The Toronto Furies march to the 2014 Clarkson Cup was nothing short of a modern day miracle on ice. One of the key contributors to the victory was none other than Natalie Spooner. While the victory shall bring Spooner the privilege of having her name engraved on the hallowed Cup, the reality is that Spooner accomplished something even greater.
Earlier in the year, Spooner was one of several new faces on the Canadian Winter Games team that clinched the gold medal at Sochi 2014. Following it up with the Clarkson Cup victory just a few weeks later, Spooner has now become the first woman in hockey history to capture Winter Games gold and the Clarkson Cup in the same year.
Nothing short of a Hall of Fame worthy accomplishment, the early months of 2014 have been a coming out party for Spooner. While Sochi certainly signified a new generation of female hockey stars, none is shining as brightly as Spooner.
Following in the footsteps of the likes of Cassie Campbell, Hayley Wickenhesier and Meghan Agosta, Spooner is carving a lasting legacy in the game. Certainly no stranger at making history, her first notable accomplishment was becoming the first player to be part of the Canadian National Under-18, Under-22 and Senior programs.
The opportunity to become the first player to grab Winter Games gold and the Clarkson Cup extends her remarkable legacy along with her growing impact as a role model. Heading into the Clarkson’s round robin, every team that had qualified had at least one player from Sochi’s gold medal roster. Of note, Caroline Ouellette was competing for the Montreal Stars. Goaltender Genevieve Lacasse was standing between the pipes for the Boston Blades while second-generation star Meaghan Mikkelson was leading the Calgary Inferno into their Clarkson Cup debut.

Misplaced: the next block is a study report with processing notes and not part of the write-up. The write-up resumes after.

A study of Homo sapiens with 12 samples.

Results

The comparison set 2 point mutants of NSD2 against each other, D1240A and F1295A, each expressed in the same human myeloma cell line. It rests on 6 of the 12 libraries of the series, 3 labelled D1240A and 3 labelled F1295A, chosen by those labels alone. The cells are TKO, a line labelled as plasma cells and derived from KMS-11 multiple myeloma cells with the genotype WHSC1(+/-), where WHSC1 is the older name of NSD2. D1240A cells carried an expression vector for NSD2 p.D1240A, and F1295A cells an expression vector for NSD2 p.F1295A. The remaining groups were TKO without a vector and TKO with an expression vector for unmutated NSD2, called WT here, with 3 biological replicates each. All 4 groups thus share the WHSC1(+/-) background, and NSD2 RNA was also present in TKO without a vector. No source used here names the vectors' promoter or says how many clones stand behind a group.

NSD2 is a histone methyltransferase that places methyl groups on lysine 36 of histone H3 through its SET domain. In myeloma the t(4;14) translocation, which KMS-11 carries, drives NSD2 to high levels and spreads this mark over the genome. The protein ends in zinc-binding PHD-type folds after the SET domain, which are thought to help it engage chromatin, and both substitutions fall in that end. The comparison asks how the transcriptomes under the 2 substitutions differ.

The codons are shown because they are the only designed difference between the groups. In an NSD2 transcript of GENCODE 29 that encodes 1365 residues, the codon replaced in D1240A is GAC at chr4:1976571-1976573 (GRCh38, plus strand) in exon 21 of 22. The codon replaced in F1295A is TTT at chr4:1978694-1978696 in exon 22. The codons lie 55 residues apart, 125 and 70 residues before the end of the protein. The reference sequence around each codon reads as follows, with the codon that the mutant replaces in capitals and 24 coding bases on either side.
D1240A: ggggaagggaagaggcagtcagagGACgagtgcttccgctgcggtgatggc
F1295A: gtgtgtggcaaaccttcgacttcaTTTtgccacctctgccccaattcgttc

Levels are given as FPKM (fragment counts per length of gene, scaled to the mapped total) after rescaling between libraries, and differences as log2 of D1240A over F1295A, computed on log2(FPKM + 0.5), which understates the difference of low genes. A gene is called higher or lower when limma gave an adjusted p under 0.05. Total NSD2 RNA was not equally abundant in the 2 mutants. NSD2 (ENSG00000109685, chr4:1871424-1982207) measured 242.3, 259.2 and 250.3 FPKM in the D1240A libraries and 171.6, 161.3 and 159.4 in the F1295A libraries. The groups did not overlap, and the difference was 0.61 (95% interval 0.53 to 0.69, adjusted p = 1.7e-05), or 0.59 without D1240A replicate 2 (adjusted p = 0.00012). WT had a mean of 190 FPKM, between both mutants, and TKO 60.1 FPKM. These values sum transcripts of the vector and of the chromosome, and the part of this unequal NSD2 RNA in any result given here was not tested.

With the excitement and anticipation, fans knew that history would certainly be made at the 2014 edition of the Clarkson as someone would lay claim to becoming the first to win the gold and the Cup in the same year.
Considering that the Furies finished fourth in the regular season, the odds were stacked against them to win the Cup, let alone qualify for the finals. After forcing the regular season champion Montreal Stars to a shootout, skeptics quickly became believers. Spooner would deliver in the shootout as she buried the puck past CWHL goaltending champion Catherine Herron, allowing Toronto to qualify for the Cup finals while giving Spooner the chance to fulfill her destiny.
Playing against the defending Cup champion Boston Blades, a victory would prove to be hard earned. After a scoreless draw in regulation play, overtime would be required to settle things. Spooner and former WCHA rival Carolyne Prevost (only the third woman to play in back-to-back Clarkson Cups with two different teams) would earn the assists on Britni Smith’s Cup-winning tally just 33 seconds into the extra frame as Toronto prevailed in a pulse pounding 1-0 victory.
With the assist, Spooner would help her own cause in the historic feat of being the first woman to land Winter Games gold and the Clarkson in the same season. In addition, she emerged as the leading Canadian-born scorer at the Clarkson Cup with five points. During the round robin, she would also earn a pair of First-Star nods.
Although the Furies would become the first-ever fourth place team to capture the Clarkson, Spooner had the chance to make history twice in the same day. Heading into the Clarkson, only nine women had the rare privilege of having won the IIHF Women’s Worlds, Winter Games gold and the Clarkson.
Known as the Triple Gold Club for Women, the Clarkson victory provided Spooner with the final piece to the puzzle. Adding to the jubilation was the fact that two other Furies teammates had the opportunity to achieve the special milestone of Triple Gold as well.
Tessa Bonhomme, whose release from Canada’s Centralization Camp a few months earlier broke the hearts of many fans, would find redemption in a Cup win that brought her Triple Gold glory. CWHL co-founder Sami Jo Small not only became the third goaltender to earn Triple Gold status, but would become the oldest player to do so.
A few days following the Clarkson Cup victory, Spooner was still on the ice. She managed to squeeze in an appearance for the second consecutive year at the Juno Cup, a hockey all-star event featuring musicians from the recording industry along with hockey. In 2013, she was joined by former Canadian national team member Bailey Bram at the event. This year, she was joined by Rebecca Johnston as Spooner is helping to provide a strong female presence at the event.
On her way to becoming one of the new household names in women’s hockey, Spooner still has a lifetime of hockey in front of her. Her hockey journey to this point has resulted in a remarkable run that has inspired and amazed her devoted fans. Poised to become one of Canada’s next great female sporting heroes, she is a remarkable ambassador for the game of hockey.